Integrating COPD care in Italy
© Calverley; licensee BioMed Central Ltd. 2014
Received: 25 April 2014
Accepted: 25 April 2014
Published: 19 May 2014
Doctors are not short of advice about how to manage their patients. In the case of COPD (Chronic Obstructive Pulmonary Disease) there are a wealth of guidelines, strategies and position papers synthesising an increasing body of data from observational studies and clinical trials into schemes that should help the doctor care for their COPD patients more effectively. In recent years particular attention has been paid to the views of the joint ERS/ATS COPD guidelines  and the regularly updated recommendations of the Global initiative for chronic Obstructive Lung Disease (GOLD) . Now a new Italian document has been developed representing the combined efforts of three key Italian respiratory societies AIMAR, AIPO, SIMeR and the society of General Practice, SIMG, whose combined expertise covers almost all those who offer care to the COPD patient. So what does this new guidance tell us and does it add to what we have heard already?
Appropriately this new document takes a very wide view of the problems of COPD. It emphasises the need for early accurate diagnosis supported when needed but supplementary physiological investigations such as the measurement of lung volumes and airway responsiveness. It points out the limitations of relying on a fixed FEV1/FVC ratio of 70% or less to support the diagnosis of COPD and suggest instead that the lower limit of normal (LLN) for this ratio is a more reliable guide. There might have been a little more advice for the busy clinician on the best way of accessing appropriate LLN data and perhaps a little more caution on the usefulness of bronchodilator testing in patient evaluation . However there are some excellent figures to guide diagnosis and management as well as useful tabular summaries of what tests should be undertaken by which clinicians and how to approach smoking cessation.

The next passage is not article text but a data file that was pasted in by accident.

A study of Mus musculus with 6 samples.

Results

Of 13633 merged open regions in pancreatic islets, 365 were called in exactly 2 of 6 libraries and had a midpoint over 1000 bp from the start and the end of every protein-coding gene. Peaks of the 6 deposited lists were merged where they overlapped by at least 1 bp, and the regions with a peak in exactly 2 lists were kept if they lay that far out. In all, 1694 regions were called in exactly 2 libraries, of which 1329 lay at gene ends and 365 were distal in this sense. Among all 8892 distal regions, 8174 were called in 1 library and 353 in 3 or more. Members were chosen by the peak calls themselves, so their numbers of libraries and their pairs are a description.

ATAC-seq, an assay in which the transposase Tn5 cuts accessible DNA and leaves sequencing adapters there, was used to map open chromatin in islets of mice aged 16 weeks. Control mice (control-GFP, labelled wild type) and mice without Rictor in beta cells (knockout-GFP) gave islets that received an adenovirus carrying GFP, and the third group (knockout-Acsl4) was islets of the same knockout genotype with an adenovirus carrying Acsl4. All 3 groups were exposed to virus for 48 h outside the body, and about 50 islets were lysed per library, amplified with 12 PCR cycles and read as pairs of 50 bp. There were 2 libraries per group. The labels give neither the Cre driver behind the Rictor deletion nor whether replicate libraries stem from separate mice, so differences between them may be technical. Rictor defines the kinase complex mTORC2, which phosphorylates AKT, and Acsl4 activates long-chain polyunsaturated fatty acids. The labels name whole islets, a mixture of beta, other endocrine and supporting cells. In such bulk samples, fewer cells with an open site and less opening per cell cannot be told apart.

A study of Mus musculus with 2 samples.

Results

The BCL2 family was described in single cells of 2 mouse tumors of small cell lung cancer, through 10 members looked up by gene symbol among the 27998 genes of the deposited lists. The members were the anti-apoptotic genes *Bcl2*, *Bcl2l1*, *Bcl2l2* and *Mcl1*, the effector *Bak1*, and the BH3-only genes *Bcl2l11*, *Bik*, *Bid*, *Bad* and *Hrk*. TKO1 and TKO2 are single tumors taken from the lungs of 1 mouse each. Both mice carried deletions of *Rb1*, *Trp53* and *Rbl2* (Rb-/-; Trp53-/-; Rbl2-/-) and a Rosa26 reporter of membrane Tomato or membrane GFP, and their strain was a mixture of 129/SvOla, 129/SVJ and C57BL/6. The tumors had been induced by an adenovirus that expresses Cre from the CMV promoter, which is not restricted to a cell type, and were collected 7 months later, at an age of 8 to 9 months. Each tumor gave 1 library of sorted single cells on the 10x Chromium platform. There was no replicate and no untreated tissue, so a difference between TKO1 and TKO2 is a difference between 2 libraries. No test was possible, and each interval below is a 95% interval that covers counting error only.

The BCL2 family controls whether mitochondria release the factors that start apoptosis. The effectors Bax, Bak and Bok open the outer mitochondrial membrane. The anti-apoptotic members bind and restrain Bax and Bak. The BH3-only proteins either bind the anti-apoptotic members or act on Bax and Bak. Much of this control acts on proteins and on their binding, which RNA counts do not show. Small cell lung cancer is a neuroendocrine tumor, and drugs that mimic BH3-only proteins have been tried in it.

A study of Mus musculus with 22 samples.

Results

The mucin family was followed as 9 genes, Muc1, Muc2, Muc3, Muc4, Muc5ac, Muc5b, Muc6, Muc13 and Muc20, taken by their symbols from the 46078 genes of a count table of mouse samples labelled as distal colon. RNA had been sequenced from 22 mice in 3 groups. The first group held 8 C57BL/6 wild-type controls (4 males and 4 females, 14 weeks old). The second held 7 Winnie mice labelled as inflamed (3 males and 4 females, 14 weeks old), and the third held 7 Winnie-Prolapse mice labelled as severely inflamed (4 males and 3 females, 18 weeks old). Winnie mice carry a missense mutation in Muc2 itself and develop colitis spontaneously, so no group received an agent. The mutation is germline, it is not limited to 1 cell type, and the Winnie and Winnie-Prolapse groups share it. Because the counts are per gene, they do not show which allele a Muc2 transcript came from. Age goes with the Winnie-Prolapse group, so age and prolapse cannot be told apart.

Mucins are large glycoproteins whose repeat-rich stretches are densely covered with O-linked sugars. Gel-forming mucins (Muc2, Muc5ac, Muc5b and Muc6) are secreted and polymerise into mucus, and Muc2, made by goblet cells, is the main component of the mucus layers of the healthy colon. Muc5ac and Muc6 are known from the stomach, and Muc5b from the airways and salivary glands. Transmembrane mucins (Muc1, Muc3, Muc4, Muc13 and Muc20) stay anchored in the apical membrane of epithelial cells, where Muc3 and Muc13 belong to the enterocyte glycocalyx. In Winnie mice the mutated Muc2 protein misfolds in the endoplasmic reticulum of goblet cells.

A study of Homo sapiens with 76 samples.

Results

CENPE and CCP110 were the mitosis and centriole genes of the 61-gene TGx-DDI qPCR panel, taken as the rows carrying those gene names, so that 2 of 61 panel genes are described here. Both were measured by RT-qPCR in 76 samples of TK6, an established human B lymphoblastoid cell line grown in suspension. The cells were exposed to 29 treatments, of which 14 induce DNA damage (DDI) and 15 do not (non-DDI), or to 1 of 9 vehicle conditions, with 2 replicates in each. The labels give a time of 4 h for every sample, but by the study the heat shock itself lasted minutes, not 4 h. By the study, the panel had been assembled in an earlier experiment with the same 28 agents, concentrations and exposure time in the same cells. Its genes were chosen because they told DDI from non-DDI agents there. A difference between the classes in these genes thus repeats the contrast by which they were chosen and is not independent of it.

The authors have avoided some of the controversy and uncertainty surrounding the new GOLD severity assessment scheme , instead focussing on patient sub-groups that correspond to those seen in clinical practice and in clinical trials. Their treatment recommendations are not formally evidence based but closely follow those in guidelines where more extensive evidence evaluations have been conducted . The authors offer clear practical guidance with support from selected but relevant literature citations which help the clinician understand why particular treatment choices have been made. There is an appropriate and pragmatic section emphasising the value of pulmonary rehabilitation together with a particularly helpful review of the role of telemedicine in COPD care, a topic scarcely touched on in other guidelines.
This new approach to COPD care is needed in Italy now. As the authors point out, COPD remains a major health problem despite much good work to increase smoking cessation rates and improve air quality. International guidelines offer an overview of COPD care in all settings but there is still a need to develop management strategies which work locally and reflect the needs and perceptions of local physicians and patients. This new initiative has achieved both of these goals admirably.